Reality goes virtual at Portland Art Museum
People and organizations have gotten creative during the COVID-19 pandemic to continue to provide art and entertainment. Now add the famed La Biennale di Venezia — the Venice Biennale — to the list.
For the first time in its 125-year history, Italy's Venice Biennale has reached out to partners around the world to put on its programming, and the only U.S. venue to host its new virtual reality works will be the Portland Art Museum.
Venice VR Expanded 2020 is the creative virtual reality competition of the 77th Venice International Film Festival. It will take place Sept. 2-12, locally in the museum's Fields Ballroom, courtesy of the museum and the Northwest Film Center.
Venice won't be able to welcome visitors because of COVID-19, so Venice comes to the visitors. Tickets ($25) have gone on sale at www.portlandartmuseum.org. Hourlong segments are limited to 14 people, which means about 100 people can take part each day.
There will be 39 immersive VR projects from 24 countries available to view through virtual reality headsets in socially distanced spaces. Portland is joined by venues in Amsterdam, Berlin, Moscow, Montreal, Taipei and elsewhere in putting on the programming.
"It's a really big deal," said Amy Dotson, Northwest Film Center director and PAM's curator of film and new media. "It is a perfect fit with the museum and film center's recent Cinema Unbound programming and our ongoing dedication to finding new ways of seeing, accessing and experiencing art."
The selection of the Portland Art Museum as the U.S. venue for the Venice VR Expanded 2020 came about through a previous collaboration between Dotson and Michel Reilhac, the founder and head of the Venice Biennale's virtual reality competition. Reilhac was honored earlier this year with the Northwest Film Center's 2020 Cinema Unbound Award.
"Amy and I have been collaborating on projects for years, and her vision is far-reaching," Reilhac said. "As soon as I shared with her our idea for bringing Venice VR Expanded to Portland, she immediately said, 'We are in!'"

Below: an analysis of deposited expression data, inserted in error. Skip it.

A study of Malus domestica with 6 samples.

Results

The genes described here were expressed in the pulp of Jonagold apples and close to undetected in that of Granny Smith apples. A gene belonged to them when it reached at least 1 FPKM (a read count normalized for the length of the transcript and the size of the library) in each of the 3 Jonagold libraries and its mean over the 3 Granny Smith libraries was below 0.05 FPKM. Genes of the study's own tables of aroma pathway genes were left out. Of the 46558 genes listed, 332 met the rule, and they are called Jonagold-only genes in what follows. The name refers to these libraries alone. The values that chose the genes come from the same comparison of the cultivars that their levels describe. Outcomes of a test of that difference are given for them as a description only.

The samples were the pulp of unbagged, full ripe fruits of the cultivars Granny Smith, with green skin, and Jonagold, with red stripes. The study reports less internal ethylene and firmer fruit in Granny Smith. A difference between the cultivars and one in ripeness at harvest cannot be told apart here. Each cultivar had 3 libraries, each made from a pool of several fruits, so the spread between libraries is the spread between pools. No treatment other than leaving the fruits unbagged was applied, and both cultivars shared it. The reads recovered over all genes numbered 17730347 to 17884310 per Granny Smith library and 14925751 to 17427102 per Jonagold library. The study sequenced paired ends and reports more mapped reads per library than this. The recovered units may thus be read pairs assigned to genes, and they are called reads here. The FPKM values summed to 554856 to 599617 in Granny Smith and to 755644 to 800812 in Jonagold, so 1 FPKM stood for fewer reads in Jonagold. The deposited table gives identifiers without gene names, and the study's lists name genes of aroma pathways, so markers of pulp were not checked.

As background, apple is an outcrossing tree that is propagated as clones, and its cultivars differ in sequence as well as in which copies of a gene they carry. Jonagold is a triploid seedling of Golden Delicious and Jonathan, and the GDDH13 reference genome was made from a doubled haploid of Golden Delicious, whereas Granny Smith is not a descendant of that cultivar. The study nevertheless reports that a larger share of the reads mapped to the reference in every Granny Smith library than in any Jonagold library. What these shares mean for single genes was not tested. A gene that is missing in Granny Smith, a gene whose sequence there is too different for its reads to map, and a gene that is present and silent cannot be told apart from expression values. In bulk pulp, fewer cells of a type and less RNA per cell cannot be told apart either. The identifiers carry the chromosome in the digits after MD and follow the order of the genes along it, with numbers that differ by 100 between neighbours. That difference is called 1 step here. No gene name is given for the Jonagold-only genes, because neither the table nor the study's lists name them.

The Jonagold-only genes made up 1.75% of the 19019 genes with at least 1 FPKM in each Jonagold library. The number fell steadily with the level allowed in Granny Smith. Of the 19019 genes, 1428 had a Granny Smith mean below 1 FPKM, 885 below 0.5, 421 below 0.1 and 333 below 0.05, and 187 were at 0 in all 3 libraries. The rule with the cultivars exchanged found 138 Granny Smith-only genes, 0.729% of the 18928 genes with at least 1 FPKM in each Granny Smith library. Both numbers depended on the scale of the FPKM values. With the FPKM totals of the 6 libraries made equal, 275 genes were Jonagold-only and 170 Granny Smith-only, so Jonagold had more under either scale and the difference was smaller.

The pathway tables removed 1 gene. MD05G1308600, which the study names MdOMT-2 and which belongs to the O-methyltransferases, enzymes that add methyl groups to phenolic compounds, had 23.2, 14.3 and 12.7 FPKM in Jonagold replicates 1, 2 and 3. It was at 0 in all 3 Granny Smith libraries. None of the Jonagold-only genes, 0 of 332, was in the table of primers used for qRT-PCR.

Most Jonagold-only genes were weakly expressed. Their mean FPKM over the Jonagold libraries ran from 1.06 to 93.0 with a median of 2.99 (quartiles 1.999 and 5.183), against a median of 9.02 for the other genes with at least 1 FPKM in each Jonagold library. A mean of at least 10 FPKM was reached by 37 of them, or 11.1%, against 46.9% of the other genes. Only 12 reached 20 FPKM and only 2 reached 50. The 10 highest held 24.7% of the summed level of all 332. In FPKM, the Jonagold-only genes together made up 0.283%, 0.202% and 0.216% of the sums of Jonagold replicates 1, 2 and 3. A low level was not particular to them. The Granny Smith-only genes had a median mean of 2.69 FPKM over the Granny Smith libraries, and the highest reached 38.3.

Said Dotson: "He very much saw that it would be great for Portland. It's a city full of artists who don't define as one thing, and who look at things through a curious and creative lens."
Artists, animators, nonfiction artists and even a Hollywood director (Jon Favreau) produced works for the virtual reality competition. Some works are as short as 7 minutes, while Favreau has made a two-hour-long movie, "Gnomes and Goblins."
"Maybe you're laying on a beach in Bali, maybe somebody likes ghosts who bump in the night," Dotson said, of the variety of works.
Once a participant puts on a VR headset (which will be cleaned regularly), they can choose the content they want to watch. Could be exciting and scary, could be calm and informative, depending on the desire of the participant. Some of it's interactive.
"If you've been to the movies or watch Netflix, ease of use is about the same," Dotson said. "It shouldn't be intimidating. I liken it to turning on your television with a handset, and you have a lot of choices with your hour timeframe.
"You're actually in (the show), rather than watching it from afar. ... You see art, and wish you were in the artist's brain, and now with VR you can be."
She added: "It's a new way of seeing. At this particular time, when people can't travel or leave homes or they're not able to interact, VR is interesing because it taps into empathy sensors — like you are right there in the world. Sometimes you're a character yourself. It's all 360 (degrees) and 360 immersive."
Before visiting, Dotson encourages participants to look at the Venice VR Expanded 2020 lineup to prepare. See the complete lineup at www.portlandartmuseum.org.